Katherine Grandstrand, Forum News Service, Published December 08 2013
Rural Dickinson WWII vet gets long-overdue medals
Tuhy was joined in the Veterans Room at the Stark County Courthouse by sons Clarence, Stark County sheriff, and Ray, who drove from Missoula, Mont., to spend the day with his father. His daughter, Darlene Billman, is a snowbird in Arizona and was not in attendance.
Tuhy was a 19-year-old working on the family farm in Manning on the “day that will live in infamy” and was drafted into the U.S. Army three years later on Dec. 15, 1944 at age 22.
He spent time at Fort Snelling, Minn., Fort Knox, Ky., and Fort Leavenworth, Kan., before being deployed to the Philippines. While in the Army, Anton worked as a cook, baker and medical aid. He was discharged at Fort Lewis, Wash.
“It was an honor to serve in the United States Army,” Anton told Hoeven.
The medals Anton received Friday were the Good Conduct Medal, the Asiatic-Pacific Campaign Medal, the World War II Victory Medal and the World War II Honorable Service Lapel Pin.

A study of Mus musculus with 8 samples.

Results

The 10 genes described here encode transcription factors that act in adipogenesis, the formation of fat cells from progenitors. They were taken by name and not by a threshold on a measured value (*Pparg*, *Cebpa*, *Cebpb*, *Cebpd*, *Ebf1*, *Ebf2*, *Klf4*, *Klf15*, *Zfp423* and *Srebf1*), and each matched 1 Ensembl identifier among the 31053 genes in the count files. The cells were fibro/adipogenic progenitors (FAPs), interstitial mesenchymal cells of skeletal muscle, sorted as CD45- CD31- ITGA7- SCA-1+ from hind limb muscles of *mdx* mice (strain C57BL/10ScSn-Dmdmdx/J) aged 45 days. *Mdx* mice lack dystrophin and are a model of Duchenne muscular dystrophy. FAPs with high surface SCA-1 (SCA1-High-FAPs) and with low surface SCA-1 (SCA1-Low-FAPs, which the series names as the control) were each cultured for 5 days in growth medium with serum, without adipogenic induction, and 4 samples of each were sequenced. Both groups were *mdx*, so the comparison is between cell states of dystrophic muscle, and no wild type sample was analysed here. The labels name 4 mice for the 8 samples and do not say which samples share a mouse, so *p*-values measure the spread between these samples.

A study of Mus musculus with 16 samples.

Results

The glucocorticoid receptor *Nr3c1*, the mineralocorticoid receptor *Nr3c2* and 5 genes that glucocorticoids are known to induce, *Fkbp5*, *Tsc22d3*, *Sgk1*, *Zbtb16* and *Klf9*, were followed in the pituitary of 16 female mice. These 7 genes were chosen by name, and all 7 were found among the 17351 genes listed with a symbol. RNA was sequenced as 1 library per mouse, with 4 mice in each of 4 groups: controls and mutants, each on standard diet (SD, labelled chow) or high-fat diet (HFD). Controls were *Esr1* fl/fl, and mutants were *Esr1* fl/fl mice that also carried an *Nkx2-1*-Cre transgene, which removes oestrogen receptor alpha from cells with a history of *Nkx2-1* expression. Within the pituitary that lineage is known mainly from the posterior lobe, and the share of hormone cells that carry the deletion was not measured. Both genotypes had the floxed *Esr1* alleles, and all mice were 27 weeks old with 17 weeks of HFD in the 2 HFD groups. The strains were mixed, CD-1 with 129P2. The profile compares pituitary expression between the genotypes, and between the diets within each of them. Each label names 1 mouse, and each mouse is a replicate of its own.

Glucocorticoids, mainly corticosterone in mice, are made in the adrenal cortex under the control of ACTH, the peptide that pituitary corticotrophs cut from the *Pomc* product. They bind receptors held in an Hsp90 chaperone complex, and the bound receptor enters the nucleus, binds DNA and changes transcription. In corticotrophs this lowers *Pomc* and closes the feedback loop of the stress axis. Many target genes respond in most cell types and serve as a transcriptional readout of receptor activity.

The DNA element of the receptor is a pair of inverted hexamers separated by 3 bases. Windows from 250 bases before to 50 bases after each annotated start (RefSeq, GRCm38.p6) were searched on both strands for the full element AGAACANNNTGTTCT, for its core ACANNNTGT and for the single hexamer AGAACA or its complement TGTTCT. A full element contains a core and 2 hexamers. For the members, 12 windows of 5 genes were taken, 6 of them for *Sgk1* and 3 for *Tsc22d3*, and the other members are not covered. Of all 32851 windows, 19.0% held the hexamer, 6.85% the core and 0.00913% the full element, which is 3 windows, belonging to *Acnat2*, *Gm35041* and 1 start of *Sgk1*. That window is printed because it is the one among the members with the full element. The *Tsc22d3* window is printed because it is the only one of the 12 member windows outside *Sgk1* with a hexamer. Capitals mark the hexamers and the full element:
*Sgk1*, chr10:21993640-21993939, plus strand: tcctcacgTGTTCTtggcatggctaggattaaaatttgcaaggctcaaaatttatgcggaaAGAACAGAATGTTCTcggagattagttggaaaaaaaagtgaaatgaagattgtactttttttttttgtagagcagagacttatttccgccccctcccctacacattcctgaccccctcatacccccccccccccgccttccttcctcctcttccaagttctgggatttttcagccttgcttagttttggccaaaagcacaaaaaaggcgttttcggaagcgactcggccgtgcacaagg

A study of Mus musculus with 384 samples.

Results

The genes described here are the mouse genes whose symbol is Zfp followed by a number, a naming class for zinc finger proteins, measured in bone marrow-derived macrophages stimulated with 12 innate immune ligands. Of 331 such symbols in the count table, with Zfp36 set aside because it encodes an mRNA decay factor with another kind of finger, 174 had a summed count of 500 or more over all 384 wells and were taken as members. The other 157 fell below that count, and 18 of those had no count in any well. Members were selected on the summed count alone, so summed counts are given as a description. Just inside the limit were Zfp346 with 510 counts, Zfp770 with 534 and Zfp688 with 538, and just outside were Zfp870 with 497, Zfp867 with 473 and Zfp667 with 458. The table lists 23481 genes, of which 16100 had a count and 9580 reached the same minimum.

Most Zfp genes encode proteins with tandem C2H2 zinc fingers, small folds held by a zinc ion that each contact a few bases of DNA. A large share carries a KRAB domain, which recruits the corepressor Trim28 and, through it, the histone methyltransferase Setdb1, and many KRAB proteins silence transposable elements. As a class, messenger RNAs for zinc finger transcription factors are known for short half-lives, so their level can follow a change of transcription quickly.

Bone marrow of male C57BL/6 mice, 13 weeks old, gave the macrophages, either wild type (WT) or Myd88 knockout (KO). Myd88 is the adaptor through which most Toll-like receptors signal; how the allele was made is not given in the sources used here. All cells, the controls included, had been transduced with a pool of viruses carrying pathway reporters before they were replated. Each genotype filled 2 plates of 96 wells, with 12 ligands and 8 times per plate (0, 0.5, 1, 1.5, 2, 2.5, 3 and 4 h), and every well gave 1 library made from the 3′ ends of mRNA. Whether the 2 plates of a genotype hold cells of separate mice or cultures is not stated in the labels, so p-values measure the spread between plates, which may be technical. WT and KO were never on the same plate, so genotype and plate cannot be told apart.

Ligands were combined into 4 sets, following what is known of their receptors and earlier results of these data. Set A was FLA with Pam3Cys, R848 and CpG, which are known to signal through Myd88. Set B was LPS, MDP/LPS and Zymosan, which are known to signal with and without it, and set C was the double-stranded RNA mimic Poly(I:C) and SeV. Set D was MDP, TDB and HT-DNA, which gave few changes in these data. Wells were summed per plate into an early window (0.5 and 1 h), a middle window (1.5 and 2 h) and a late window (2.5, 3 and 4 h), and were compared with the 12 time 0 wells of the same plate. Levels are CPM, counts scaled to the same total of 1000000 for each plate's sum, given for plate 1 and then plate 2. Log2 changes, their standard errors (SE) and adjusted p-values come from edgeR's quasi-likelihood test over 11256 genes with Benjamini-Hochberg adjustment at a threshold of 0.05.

Part of what Tuhy did in the Philippines was help clean up towns that were destroyed in battle.
Hoeven has been working to make sure veterans like Anton receive their medals before it’s too late.
Tuhy’s parents, Joseph and Mary, had 12 children – six boys and six girls – who they raised on a farm in Manning. Tuhy married Julia Rambousek on Oct. 30, 1944, and the couple were married for nearly 70 years until Julia’s death in 2012.
Anton still resides on the rural Dickinson farm he purchased in 1947 after returning to the U.S.
“I think it was an honor” to receive the medals, Anton said. “It was nice for (Hoeven) to come out.”
The medals will be displayed prominently in Anton’s home, either on top of the TV stand or near his wedding picture, Clarence said.